Future Energy Landscapes - community consultation method

A new approach to local energy planning

Project duration: April 2016 to December 2016

Future Energy Landscapes is an attempt to develop, trial and refine a methodology that can produce an outline energy plan for a given community from insightful, detailed and mature discussion on low carbon energy infrastructure, in the absence of the threat of imminent planning applications.

It is a cooperation between CSE and the Campaign to Protect Rural England (CPRE) in which we designed a new, deliberative community engagement methodology, based around two workshops that were separated by a phase of reflection. The methodology was trialled in Congresbury, Somerset and Moreton in Marsh, Gloucestershire.

Rachel Coxcoon said, "CSE is thrilled to be working with CPRE on this. Both organisations believe that local people should be supported to shape and enhance the countryside around them for everyone to value and enjoy.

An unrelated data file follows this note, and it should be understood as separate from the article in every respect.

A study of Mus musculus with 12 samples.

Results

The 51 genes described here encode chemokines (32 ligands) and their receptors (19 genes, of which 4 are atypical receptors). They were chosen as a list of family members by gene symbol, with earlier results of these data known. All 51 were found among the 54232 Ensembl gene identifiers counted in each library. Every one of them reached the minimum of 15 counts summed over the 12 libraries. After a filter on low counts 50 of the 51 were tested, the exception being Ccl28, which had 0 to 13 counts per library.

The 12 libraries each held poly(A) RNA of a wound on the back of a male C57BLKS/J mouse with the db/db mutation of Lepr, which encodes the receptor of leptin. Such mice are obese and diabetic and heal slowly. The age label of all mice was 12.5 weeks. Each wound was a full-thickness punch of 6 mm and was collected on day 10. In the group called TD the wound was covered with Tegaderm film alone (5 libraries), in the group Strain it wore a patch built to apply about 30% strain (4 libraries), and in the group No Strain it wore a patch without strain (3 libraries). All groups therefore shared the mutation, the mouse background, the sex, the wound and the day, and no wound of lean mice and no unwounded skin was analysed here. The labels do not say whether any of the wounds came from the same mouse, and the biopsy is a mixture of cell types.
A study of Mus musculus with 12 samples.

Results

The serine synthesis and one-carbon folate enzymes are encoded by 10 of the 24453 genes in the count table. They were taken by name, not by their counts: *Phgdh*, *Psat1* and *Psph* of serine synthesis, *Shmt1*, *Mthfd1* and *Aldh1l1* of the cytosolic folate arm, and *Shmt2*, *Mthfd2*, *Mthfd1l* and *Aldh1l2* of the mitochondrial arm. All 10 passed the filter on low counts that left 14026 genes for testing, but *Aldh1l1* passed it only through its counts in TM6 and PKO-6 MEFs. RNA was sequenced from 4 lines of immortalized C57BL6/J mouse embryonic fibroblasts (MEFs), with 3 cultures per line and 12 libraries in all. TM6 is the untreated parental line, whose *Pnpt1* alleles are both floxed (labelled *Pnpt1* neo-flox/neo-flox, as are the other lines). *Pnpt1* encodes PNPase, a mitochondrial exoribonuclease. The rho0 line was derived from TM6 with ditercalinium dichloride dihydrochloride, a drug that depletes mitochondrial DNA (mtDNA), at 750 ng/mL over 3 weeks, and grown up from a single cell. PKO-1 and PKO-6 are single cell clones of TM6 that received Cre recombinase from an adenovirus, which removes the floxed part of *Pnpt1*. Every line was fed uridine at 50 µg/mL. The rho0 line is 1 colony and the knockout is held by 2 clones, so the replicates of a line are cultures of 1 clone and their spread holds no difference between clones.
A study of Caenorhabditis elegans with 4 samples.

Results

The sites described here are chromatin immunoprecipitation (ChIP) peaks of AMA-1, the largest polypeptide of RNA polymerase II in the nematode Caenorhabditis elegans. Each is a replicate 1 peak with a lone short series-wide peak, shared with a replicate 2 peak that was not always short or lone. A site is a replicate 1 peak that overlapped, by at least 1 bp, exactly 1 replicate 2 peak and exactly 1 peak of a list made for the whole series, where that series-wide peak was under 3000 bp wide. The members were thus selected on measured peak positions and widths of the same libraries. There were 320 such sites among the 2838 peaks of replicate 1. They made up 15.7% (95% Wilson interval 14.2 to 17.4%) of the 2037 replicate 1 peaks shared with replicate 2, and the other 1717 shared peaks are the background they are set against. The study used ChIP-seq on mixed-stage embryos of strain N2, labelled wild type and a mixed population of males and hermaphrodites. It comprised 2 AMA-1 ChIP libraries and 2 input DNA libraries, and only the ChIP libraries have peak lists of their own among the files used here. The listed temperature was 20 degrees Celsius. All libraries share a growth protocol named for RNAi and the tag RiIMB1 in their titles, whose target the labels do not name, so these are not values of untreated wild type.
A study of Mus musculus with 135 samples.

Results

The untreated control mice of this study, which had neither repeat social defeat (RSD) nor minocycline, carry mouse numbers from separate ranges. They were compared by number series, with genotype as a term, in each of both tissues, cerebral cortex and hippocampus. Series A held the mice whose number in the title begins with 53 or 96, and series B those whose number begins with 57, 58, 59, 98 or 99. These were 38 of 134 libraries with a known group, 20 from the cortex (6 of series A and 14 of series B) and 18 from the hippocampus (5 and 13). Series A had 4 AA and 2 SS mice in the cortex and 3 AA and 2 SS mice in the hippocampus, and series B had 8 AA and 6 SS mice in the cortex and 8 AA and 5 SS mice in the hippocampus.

"This work puts communities at the very heart of energy planning, which is exactly where they should be."

A design and rationale report can be downloaded here
A more in-depth look at the responses of people in Congresbury and Morton in Marsh can be downloaded here.

The practitioners' workshop resources are:

1. Facilitation guide
2. Slide decks for Phase A workshops 
3. Full facilitators’ timetable for the Phase A workshop
4. Slide decks for Phase C workshop 
5. Full facilitators’ timetable for Phase C workshop
6. CESAR tool setup and user guide
7a. CESAR tool Excel workbook (Microsoft 2003 version)
7b. CESAR tool Excel workbook (Microsoft 2007 version)
8. Energy Monitors spreadsheet
9. CESAR videos (link to YouTube playlist)
10. CESAR tool printable cards and posters*
11. Participant data sheet
12. The FEL facilitator checklist
13. Ground rules
14. Session G1 prompt sheet
15. Homework slips
16. Participant payment form
17. Participant consent form

* This is a zipped folder containing four row-header cards, 20 technology cards and 19 technology posters

Photo by Ian Carvell (www.flickr.com/people/iancarvell) reproduced under creative commons.